Holy Week: Entering the Passion Story


As we journey through this holiest of weeks, and especially the Triduum, I invite you to reflect and respond to one or both of the following questions:

  • Which character(s) in the Passion story do you find most intriguing (whether they are inspiring or tragic) and why?
  • If you could paint a picture or create a sculpture of one moment in the story of Christ’s Passion, what would it be and why?

I invite you to share your reflections in the comments section below.

P.S. For more reflection this Holy Week, Catholic Relief Services shares these resources:
Stations of the Cross (Videos) (also available in Spanish)
Companions on the Journey (Good Samaritan) Digital Retreat (also available in Spanish)

And don’t forget to visit LoyolaPress.com for Holy Week resources.

About Joe Paprocki 2739 Articles
Joe Paprocki, DMin, is National Consultant for Faith Formation at Loyola Press, where, in addition to his traveling/speaking responsibilities, he works on the development team for faith formation curriculum resources including Finding God: Our Response to God’s Gifts and God’s Gift: Reconciliation and Eucharist. Joe has more than 35 years of experience in ministry and has presented keynotes, presentations, and workshops in more than 100 dioceses in North America. Joe is a frequent presenter at national conferences including the Los Angeles Religious Education Congress, the Mid-Atlantic Congress, and the National Conference for Catechetical Leadership. He is the author of numerous books, including the best seller The Catechist’s Toolbox, A Church on the Move, Under the Influence of Jesus, and Called to Be Catholic—a bilingual, foundational supplemental program that helps young people know their faith and grow in their relationship with God. Joe is also the series editor for the Effective Catechetical Leader and blogs about his experiences in faith formation at www.catechistsjourney.com.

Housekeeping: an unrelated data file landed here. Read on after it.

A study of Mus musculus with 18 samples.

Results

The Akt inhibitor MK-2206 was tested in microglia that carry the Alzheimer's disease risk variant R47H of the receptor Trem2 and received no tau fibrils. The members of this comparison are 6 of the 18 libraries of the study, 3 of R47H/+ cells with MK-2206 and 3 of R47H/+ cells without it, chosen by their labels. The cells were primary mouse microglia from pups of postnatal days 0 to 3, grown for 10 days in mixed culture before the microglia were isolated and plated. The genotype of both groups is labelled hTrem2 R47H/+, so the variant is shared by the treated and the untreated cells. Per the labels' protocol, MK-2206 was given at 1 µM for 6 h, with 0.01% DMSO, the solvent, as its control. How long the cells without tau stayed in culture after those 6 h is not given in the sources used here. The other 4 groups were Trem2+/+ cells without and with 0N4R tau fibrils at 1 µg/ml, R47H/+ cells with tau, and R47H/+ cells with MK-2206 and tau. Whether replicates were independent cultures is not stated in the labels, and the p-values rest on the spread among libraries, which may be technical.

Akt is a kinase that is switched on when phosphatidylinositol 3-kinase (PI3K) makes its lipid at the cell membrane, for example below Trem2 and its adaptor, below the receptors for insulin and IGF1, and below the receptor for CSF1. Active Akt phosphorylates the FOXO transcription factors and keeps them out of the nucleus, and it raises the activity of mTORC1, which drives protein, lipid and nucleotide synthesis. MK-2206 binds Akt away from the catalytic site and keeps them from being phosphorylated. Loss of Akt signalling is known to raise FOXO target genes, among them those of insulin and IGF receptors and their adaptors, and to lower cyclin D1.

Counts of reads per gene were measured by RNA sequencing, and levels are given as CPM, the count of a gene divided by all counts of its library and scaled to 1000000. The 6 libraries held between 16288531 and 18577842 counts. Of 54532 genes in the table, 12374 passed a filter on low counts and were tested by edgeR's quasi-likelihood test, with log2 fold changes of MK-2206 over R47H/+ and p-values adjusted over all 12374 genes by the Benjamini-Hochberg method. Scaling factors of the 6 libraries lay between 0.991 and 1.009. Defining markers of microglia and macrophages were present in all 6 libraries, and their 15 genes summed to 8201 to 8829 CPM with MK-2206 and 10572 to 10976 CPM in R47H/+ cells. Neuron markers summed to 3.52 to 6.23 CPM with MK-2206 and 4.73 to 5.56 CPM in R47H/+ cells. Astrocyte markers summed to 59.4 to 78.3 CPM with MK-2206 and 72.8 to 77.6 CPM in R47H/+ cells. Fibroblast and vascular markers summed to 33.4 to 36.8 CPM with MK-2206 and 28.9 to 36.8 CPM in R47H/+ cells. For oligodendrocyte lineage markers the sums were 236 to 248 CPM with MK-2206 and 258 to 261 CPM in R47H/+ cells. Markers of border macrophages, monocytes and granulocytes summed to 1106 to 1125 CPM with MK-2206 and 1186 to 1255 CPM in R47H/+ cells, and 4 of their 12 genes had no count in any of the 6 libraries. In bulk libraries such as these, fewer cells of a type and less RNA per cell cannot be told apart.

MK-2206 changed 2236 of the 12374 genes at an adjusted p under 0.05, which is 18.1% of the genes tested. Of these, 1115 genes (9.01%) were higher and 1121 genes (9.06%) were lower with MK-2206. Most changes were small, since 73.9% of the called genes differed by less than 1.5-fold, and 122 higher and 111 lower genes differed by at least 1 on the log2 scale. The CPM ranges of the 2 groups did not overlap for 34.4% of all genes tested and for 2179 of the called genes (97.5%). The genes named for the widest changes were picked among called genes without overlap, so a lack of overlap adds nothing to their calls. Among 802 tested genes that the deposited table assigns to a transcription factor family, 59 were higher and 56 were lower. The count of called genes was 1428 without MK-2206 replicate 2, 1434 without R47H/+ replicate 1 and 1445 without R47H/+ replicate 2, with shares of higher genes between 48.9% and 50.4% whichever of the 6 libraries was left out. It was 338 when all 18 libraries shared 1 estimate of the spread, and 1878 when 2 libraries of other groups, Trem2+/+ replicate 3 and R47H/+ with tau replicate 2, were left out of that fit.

1 Comment on Holy Week: Entering the Passion Story

  1. Most intriguing: As a woman and a mother, I would say the Blessed Mother, because I cannot imagine the pain and anguish of watching your child put to death, yet She never faltered in being with Him in His pain.
    For the same reason, the one moment I would capture is Jesus being placed in His Mother’s arms after He’s taken down from the cross. The overwhelming love and grief she must have felt could never be fully captured, yet would be incredible to behold.